A six-student class at Mission High School is making history as the first Mexican American studies dual-enrollment course in Texas. Covering a Post-Civil War 1864 to the 2000s, the class is following the United States timeline from the southwest perspective.
South Texas College Instructor Trinidad Gonzales and MHS teacher Victoria Rojas teach the class. Each day the two switch off leading the class in the lesson with an open Socratic learning method, hands-on projects and sampling of the occasional Mexican cuisine.
“There is an under appreciation for our area, an under appreciation for living in the Valley,” Rojas said. “I think if you understand our history then it makes your appreciation for our history grow.”
This semester the class is focusing on Mission history and some hometown success stories that are not typically discussed in state textbooks. The class has visited the Mission Historical Museum and the University of Texas – Pan American archives to broaden their knowledge.
“It’s really expanded the way we think about ourselves. We usually don’t get too much attention in the Rio Grande Valley,” senior Ariana Navarro said. “My teacher and professor have taught me that we do matter and we do have an impact on society and history, not just in our area but the United States in general.”
When the class started in fall 2014, Gonzales said that the students weren’t used to the round-table type of class setting and preferred the lecture-and-listen method. As a way to get the students to open up, the STC professor brought in a cultural pastime as a teaching tool – medienda, similar to tea time in the English culture.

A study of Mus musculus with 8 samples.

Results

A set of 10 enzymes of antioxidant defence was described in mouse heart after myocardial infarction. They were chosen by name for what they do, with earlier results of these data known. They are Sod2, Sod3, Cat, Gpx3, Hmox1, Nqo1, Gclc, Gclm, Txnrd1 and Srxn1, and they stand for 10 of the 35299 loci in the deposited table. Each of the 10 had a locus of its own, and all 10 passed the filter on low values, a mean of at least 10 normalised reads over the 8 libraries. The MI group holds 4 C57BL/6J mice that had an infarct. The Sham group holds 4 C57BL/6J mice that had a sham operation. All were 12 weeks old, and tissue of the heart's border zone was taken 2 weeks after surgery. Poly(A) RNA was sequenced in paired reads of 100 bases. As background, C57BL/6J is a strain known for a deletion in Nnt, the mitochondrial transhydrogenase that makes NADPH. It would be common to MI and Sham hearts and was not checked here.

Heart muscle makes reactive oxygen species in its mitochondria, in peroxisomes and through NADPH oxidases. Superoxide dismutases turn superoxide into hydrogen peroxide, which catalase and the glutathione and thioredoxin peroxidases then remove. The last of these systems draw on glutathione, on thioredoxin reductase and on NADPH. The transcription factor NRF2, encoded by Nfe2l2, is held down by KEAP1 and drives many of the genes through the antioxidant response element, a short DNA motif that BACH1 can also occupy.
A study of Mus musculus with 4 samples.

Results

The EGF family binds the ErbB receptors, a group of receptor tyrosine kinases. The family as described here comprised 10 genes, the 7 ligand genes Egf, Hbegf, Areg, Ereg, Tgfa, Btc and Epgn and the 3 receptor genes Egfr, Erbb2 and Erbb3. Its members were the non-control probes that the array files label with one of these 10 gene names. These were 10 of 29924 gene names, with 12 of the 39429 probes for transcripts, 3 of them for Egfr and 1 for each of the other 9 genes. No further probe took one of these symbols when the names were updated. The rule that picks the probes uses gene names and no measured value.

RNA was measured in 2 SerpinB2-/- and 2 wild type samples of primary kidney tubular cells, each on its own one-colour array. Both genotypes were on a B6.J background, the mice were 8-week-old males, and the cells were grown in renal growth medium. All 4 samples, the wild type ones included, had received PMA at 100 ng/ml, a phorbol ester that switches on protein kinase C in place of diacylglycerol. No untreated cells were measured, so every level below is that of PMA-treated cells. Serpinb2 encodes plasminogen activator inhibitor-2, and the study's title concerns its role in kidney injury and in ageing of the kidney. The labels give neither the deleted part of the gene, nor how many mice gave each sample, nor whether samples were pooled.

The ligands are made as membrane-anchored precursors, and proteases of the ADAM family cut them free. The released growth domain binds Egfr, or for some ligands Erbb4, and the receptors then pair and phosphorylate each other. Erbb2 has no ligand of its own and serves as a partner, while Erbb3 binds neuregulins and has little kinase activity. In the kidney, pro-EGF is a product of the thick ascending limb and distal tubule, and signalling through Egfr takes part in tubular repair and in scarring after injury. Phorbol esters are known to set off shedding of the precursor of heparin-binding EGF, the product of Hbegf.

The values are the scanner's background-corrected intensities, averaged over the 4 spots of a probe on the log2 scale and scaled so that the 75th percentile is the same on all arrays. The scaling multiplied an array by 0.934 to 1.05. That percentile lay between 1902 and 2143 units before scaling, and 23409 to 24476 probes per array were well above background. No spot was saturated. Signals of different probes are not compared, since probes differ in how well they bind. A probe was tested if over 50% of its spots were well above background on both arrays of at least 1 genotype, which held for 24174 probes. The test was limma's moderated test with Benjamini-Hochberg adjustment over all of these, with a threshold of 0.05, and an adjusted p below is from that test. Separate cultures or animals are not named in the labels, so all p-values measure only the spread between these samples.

“I went and bought pan dulce. We ate some bread and I used that an as occasion to talk about that sort of daily activity people would engage in when I grew up,” Gonzales said. “Medienda is when it’s 3 o’clock you go and get some bread, have some coffee and people get together. It’s just that afternoon meal break that people get to bond and talk.”
Whether the students realized it or not, the exercise was a way to get them to be more articulate, a vital aspect of the class.
Both Gonzales and Rojas are teaching the students the importance of defending their positions when they speak out. In the class they are required to not only contribute how they feel about a certain topic, but why they feel that way.
“The idea is to develop people who can think, analyze, evaluate and then articulate what those positions are…to somebody else,” Gonzales said. “That’s scary for a lot of students and a lot of people in general because it may fundamentally lead to some changes in how you see the world, but that’s what education is.”
Senior Kobe Marquez was not prepared for the intensity level of the class and admitted that he enrolled because he thought the elective course would be less demanding. However, Marquez has learned to appreciate what the program offers.
“The first past of this class made me have a different viewpoint and I just had to take part two of the class,” the 17-year-old said. “Now we’re starting to get closer to the present and I’m starting to see how everything I’m learning is connected. What I really like is that I’m able to know more about where I’m coming from.”